Daniel Simon knew he wasn’t speeding when the cop pulled up behind him in rural Virginia. It was impossible to go too fast. Turned out the officer was just curious—he’d never seen an upside-down school bus with a garden on top. “It gets better,” says Simon. “He was more than happy to sign our petition.”
Simon and his partner, Casey Gustowarow, are on a mobile campaign to get the First Family to grow veggies on the White House lawn. Says Gustowarow: “We are calling for our new President to be the healthiest, homegrown, leading-by-example eater he can possibly be!” Their WHOFarm campaign (a.k.a., The White House Organic Farm Project) is calling on President Obama to model organic, sustainable, low-carbon farming for the nation and the world.
Meanwhile, Roger Doiron, founding director of Kitchen Gardeners International, is doing the same thing, but on the information superhighway. His online “Eat the View” campaign is as lean as his frame, costing less than $5,000 since its kickoff a year ago. “I think it’s important that we walk the talk by showing that social change—and organic gardening and food—doesn’t have to be costly, for us or the planet,” he says. Between them, the two friendly competitors have gathered 10,000 signatures, reaching millions more, potentially, through publicity and online efforts.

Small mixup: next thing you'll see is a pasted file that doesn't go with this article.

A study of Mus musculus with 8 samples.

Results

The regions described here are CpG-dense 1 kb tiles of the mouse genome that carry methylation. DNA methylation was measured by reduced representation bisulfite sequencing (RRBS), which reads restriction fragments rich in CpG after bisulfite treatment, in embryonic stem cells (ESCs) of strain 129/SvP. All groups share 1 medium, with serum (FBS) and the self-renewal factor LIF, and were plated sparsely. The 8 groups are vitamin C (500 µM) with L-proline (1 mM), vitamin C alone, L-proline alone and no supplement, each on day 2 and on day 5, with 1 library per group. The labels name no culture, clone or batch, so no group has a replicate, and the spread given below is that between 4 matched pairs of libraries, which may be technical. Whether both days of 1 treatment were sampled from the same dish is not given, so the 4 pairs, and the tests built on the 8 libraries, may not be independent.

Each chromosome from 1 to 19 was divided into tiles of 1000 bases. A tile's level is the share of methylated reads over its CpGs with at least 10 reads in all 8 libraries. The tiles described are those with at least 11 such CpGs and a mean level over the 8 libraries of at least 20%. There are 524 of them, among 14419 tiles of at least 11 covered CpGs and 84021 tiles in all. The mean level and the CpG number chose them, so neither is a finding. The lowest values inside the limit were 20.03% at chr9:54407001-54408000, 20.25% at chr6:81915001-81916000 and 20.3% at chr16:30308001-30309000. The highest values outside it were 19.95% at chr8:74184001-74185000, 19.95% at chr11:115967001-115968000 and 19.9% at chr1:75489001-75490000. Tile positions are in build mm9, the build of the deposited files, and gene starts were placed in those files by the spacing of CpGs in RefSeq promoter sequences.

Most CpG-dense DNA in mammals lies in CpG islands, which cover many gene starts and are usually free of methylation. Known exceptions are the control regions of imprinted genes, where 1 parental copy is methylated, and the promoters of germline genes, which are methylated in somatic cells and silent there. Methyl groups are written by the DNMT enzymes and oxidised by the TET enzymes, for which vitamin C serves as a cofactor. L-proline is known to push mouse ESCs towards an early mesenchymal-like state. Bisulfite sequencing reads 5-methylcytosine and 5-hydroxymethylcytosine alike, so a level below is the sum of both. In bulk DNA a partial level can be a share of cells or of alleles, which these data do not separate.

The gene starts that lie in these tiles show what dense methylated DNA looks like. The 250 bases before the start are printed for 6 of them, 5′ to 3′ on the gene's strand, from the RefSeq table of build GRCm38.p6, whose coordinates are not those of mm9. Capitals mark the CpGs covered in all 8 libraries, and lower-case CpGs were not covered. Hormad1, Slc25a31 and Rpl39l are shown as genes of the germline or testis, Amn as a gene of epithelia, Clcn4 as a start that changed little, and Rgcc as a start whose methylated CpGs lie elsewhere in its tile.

Roger says the Obamas would only need to commit one acre of the First Lawn for a viable organic garden. “By our calculations, an acre garden would produce enough delicious, seasonal produce to meet the White House kitchen’s needs and then some,” he says. “Surplus from the new “First Garden” would go to supply local food pantries in the Washington, D.C., area.” WHOFarm would like to see public school kids and people with disabilities working on the farm crew. Eleanor Roosevelt was the last First Lady to grow her own vegetables at the White House—her WWII “victory garden” sparked a national gardening movement.
Daniel Simon, Chef Scott Peacock and Casey Gustowarow of the White House Organic Farm Project.